NSTA Express

The National Science Foundation (NSF) last week awarded $6.9 million to 15 universities and colleges in the first round of the Robert Noyce Scholarship program, a new NSF program that will provide scholarships, stipends, and programs for science, math, engineering, and technology undergraduates who want to become teachers and who agree to teach in a high-need school district. According to NSF, this year’s program will fund scholarships, stipends, and programs for more than 650 potential K–12 undergrads who want to transition to teaching. In addition, the program provides mentoring and other support to these new teachers in their early years of teaching. The program is named after Dr. Robert Noyce, co-founder of Intel Corp and the scientist awarded the 1961 patent for the integrated semiconductor. For more information on the Noyce awards, go to http://www.nsf.gov/pubs/2003/nsf03544/nsf03544.htm - pgm_intr_txt.  


Four new research grant competitions are available from the U. S. Department of Education’s Institute of Education Science; two grants focus on math and science education and teacher quality.

The Teacher Quality Research Grants competition has four goals (a) to support the development of new professional development programs; (b) to establish the efficacy of existing professional development programs for teachers; (c) to provide evidence of the effectiveness of teacher preparation or professional development programs for teachers; and (d) to validate new or existing assessments of teacher quality for teachers against measures of student achievement.

The Mathematics and Science Education Research Grants will fulfill three goals: (a) to support the development of new interventions and approaches to mathematics and science education that will eventually result in improving math and science achievement; (b) to establish the efficacy of existing interventions and approaches to math and science education with small efficacy or replication trials; and (c) to provide evidence on the effectiveness of math and science interventions taken to scale.

A letter of intent for each grant is due November 20, 2003, and the application is due January 8, 2004. Other grants also announced by the IES include Cognition and Student Learning Research Grants and Reading Comprehension and Reading Scale-up Research Grants. For more information on all of these grants, go to
http://www.ed.gov/programs/edresearch/applicant.html.


NSTA’s online WebNews Digest brings you the latest news from the world of science and education. Whether it’s ground-breaking research reported in Science Magazine, teacher-quality issues headlining The New York Times, or technology trends reported on CNN, the Digest helps you stay abreast of important issues in science education. Does the Digest give you the news you need the way you want it? Take our brief survey and tell us what you like—or don’t like—about this NSTA service. Go to http://www2.nsta.org/surveys/webnews.asp?src=ex. Not familiar with the Digest, check out the latest NSTA WebNews Digest at www.nsta.org/mainnews.


National Teachers Enhancement Network (NTEN) Spring graduate-level online science courses for K–12 teachers in biology, science education, Earth science, entomology, geography, human development, food/nutrition, land resources and environmental sciences, microbiology, and physics begin on various dates in January, with registrations closing as early as January 8.  Courses carry graduate credit hours, and all are offered with a special 10% discount for NSTA members. To browse the full list of available courses and specific class dates, go to http://institute.nsta.org and follow the NTEN link, and register now.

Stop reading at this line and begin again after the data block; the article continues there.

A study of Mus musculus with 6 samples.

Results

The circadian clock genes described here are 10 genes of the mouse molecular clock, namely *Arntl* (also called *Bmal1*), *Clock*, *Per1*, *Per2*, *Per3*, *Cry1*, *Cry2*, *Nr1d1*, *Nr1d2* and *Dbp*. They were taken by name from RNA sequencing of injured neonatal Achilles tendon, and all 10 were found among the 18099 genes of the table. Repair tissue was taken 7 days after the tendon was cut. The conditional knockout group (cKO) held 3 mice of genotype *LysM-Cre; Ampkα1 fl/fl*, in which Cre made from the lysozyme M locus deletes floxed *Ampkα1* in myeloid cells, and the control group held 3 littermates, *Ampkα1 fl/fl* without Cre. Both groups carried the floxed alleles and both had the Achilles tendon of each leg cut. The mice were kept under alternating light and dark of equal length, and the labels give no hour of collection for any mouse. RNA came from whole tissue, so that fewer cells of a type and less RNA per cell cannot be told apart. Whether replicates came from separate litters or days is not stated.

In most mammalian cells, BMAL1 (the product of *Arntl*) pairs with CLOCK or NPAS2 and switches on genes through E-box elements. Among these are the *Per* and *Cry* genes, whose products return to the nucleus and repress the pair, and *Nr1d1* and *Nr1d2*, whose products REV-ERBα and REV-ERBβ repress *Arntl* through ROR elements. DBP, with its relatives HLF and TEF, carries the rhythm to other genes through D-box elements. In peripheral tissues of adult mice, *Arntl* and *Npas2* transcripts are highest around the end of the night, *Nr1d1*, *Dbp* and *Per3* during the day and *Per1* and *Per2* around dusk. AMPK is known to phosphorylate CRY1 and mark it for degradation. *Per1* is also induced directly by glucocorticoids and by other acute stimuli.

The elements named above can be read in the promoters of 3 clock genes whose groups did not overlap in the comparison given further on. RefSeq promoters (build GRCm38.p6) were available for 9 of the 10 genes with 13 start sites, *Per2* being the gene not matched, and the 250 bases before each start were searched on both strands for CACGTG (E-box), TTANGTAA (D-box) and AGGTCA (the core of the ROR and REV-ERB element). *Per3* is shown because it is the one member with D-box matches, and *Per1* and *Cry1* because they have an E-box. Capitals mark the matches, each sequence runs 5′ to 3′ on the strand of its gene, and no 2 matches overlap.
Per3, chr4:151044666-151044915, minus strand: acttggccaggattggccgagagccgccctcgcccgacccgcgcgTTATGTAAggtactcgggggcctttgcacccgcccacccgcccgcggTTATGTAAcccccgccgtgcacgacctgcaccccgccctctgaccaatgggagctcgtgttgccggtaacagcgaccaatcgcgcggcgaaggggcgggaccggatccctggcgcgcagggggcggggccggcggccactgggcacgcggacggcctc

Professional development strands, which unify and guide sessions, workshops, and short courses for NSTA’s area conventions in 2004 have been announced.  Proposals for sessions and presentations are now being accepted—online only!—at http://www.nsta.org/sessions. Area convention locations, dates, and strands are as follows:

Indianapolis, IN, Nov. 4–6, 2004
  • Assessment and Evaluation
  • Technology
  • Literacy
  • Science Outside the Box
Seattle, WA, Nov. 18–20, 2004
  • Leadership in Science Education
  • Building the Capacity of New Teachers
  • How People Learn
  • Applications of Science and Technology
  • Assessment
  • Teacher of Teachers
Richmond, VA, Dec. 2–4, 2004
  • Maximizing Resources in Standards-Based Instruction
  • Technology Integration
  • Biotechnology:  Applications and Implications
  • Interdisciplinary Study of Watersheds

Deadline for proposal submissions for area conventions:  January 15, 2004.

There’s still plenty of time to register to attend both of NSTA’s remaining Fall ’03 conventions in Kansas City, MO, (Nov. 13–15) and Reno, NV (Dec. 4–6). These events feature an impressive array of well known speakers including Bill Nye “The Science Guy”; Bob Ballard discussing his discoveries of the Titanic and the Bismarck in his presentation, “Deep Sea Exploration”; TV’s Bill Kurtis; plus a host of academic luminaries. Browse the agendas and register at http://www.nsta.org/conventions.


Two-year colleges are critical to science education’s future—in fact, some data indicate that approximately half of future science teachers will take their first two years of science at a two-year school. To address the unique challenges of this special setting, NSTA Press has published Teaching Science in the Two-Year College featuring the most useful and relevant insights and advice from NSTA’s member publication, the Journal of College Science Teaching, collected in 24 articles under four headings:  An Overview of the Uniqueness of Teaching Science in a Two-Year College; Curricular Issues; Teaching Strategies; and Using Information and Communication Technologies. You can preview the actual pages of this and other NSTA Press books online at no cost—go to store.nsta.org/showItem.asp?product=PB180X.